Floor painters- please advise

16 Replies

So we just moved our first tenant out of our first rental. (We have three rentals now.) After removing all of the carpet and pad due to odor and stains from smoking and cat pee- I refuse to put carpets back in. I discovered hardwoods underneath, but a larger corner of the living room (where you first step into the house) is covered in floor leveler, which was needed at some point in the past where the floor had sunk. There is also a lot of paint on the floors, and the hallway has a lot of glue on it from old peel and stick tiles. I have decided to sand and paint all the hardwood, including where the floor leveler is (I will put a rug by the front door anyway to wipe feet on). So here are my questions for those of you who have painted the flooring of your rentals before.

QUESTION 1: OIL BASED or LATEX BASED? We already bought some latex based Valspar porch and floor paint (satin finish), but it won't be as shiny as if we go with oil based (glossy), and I'm not sure how it will hold up. However, from what I've read the oil based paint takes so long to cure- I don't want to wait too long to get this rented.

QUESTION 2: Best color? We tried Valspar's Fired Earth, which is a nice dark dark brown. (Inspired by this post: http://www.todayshomeowner.com/painting-wood-floors/ )

Not sure if it would show dirt from shoes more easily though.

QUESTION 3: What do you tell your tenants to use to clean it? Just a normal wood floor cleaner?

I would recommend the brown color. Paint the floor and then put a clear lacquer coat over it. I get all my recommendations from Sherwin Williams. Even if I do not buy there paint, they are pros at helping find a solution and quality color and finish. Find someone there who has been around.

With the lacquer, make SURE your get one that is non-yellowing. I painted a wood floor and put on a lacquer with out checking, and it dried yellow. Looks like crap :)

Oils based is always better and more durable, but they do make some good quality latex. I think the key is putting on a nice lacquer after to protect it and make it easier to clean.

BTW, I did my floor a green/grey color, like in your link. I should have done brown. Consider a neutral color so it will appeal to more people if you ever decide to sell.

Good luck

We painted our floor in our NYC apartment and I absolutely loved it! We had white floors, but we lived there ourselves, so not suggesting you do this for a tenant as they would almost definitely ruin white floors :) I did a lot of research on floor paint, and after speaking with a ton of painters, reading posts online, and based on our personal experience of living at the property for 5 years: we decided to use Floor/Porch paint! There are specific paints formulated for hardwood floors, and they are much more durable, long wearing, and way easier to clean. No primer is needed and no top coat is needed...everything is included in the actual paint. I used and loved Benjamin Moore, and would recommend two coats. Even with floor paint, however, you will likely need to repaint after a couple of years, however, I still think it will be way easier to maintain than carpet. Here is what our white floor looked like: http://www.houseofbrinson.com/home/2011/8/25/home-profile-greg-erica-and-oliver.html#.U2XBo61dVDo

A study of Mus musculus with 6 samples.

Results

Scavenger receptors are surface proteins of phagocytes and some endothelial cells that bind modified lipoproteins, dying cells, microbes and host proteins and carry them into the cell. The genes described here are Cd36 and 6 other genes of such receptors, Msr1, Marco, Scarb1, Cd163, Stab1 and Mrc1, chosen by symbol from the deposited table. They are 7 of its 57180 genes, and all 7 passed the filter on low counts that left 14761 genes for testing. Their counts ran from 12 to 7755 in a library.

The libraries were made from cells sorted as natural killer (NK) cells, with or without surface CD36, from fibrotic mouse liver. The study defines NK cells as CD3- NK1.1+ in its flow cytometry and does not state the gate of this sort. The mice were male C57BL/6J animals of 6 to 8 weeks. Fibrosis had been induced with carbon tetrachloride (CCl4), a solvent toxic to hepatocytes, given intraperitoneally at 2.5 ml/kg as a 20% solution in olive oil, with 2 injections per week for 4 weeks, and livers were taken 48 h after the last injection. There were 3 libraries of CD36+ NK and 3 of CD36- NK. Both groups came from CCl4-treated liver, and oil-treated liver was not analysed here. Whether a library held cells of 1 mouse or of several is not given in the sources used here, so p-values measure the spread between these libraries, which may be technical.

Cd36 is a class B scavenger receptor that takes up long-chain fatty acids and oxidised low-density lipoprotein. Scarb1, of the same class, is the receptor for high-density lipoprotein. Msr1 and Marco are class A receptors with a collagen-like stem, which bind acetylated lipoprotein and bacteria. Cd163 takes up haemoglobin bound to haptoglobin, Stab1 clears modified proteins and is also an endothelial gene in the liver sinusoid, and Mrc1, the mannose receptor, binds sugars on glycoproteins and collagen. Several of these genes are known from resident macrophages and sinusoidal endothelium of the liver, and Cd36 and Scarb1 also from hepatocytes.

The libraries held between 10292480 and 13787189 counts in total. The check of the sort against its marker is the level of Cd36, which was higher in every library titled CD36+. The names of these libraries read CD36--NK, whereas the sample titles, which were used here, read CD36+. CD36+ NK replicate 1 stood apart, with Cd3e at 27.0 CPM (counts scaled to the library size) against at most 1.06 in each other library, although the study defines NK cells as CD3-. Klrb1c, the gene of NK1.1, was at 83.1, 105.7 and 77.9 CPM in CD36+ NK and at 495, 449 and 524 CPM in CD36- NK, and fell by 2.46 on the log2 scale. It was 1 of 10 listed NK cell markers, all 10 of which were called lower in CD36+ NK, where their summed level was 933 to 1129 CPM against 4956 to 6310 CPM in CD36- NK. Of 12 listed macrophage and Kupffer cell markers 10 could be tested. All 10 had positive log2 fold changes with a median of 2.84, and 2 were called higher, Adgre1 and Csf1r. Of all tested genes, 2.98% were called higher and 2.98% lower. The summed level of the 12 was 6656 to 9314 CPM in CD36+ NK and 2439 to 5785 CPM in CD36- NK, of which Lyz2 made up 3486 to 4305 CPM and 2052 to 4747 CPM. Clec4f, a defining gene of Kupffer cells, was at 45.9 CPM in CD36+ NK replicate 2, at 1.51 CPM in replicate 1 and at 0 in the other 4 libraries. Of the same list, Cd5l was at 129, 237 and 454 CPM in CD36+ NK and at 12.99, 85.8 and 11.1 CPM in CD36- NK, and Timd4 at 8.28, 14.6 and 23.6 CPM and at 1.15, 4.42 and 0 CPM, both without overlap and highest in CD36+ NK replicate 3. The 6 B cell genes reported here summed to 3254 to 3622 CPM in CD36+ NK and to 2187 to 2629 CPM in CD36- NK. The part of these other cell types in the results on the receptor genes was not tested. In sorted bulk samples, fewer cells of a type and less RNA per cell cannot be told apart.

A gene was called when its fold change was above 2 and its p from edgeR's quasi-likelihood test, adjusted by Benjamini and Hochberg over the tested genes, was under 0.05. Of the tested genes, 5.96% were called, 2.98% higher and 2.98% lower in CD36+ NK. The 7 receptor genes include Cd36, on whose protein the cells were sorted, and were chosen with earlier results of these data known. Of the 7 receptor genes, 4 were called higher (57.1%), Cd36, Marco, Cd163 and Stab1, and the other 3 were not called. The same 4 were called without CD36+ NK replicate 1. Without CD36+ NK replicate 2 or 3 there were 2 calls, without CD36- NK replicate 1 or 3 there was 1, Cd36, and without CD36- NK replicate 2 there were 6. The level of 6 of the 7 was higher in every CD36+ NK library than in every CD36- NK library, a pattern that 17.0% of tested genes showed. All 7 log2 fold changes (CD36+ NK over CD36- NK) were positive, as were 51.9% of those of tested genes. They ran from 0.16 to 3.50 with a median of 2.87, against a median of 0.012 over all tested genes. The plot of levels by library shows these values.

I love the look of painted floors, so good luck!


On several of our older homes we've used black floor paint (latex based) then followed it with three coats of oil based Varnathane (which seems to dry faster than the oil based paint). With the high baseboards in these older houses painted a bright white it looks pretty stunning.

Tenants clean the floors with a simple Swiffer type mop.


Thanks for the advice! I think we will stick with the brown we chose in the Valspar latex based floor and porch paint, and put on some kind of clear coat to help protect it.

@Angie B. People seem to usually be horrified whenever I mentioned that I was painting the hardwood floors, however, after seeing it, they all changed their tune! I agree: I wish this would catch on here a bit more as it's so super common in Europe and it really is very striking looking. Show us pics when you're done!

Angie...You would need to cover this with some type of clear coat polyurethane (even if using an oil based paint) to protect them. Two coats are good; three would be better. The "clear" (as opposed to the "satin") really leaves the floors looking great.


@Erica R. Here's a photo- I wish I had taken before photos, the floors were in really bad shape. The clear coat is going on tonight, and the rest of the floor trim will go up later in the week. I really like it. We'll see what people say- I've got several showings on Saturday...


Just painted a floor in the dark brown with water based. It is very easy. It does takes 72 hours to dry.

We did one coat but think 2 coats would be better.

I wouldn't try to have the tenants worry about it. It doesn't last that long and you will probably need to redo it when they leave; just hope that is a few years.

The dark brown does show dust so good to take shoes off.

The poly-based (oil) paint lasts much longer than the water-based. Also you can blend it with clear polyurethane if your floors are a "little rough" but not so much to warrant full opaqueness; that way a little grain shows through, which gives it a little nicer appearance (in my opinion).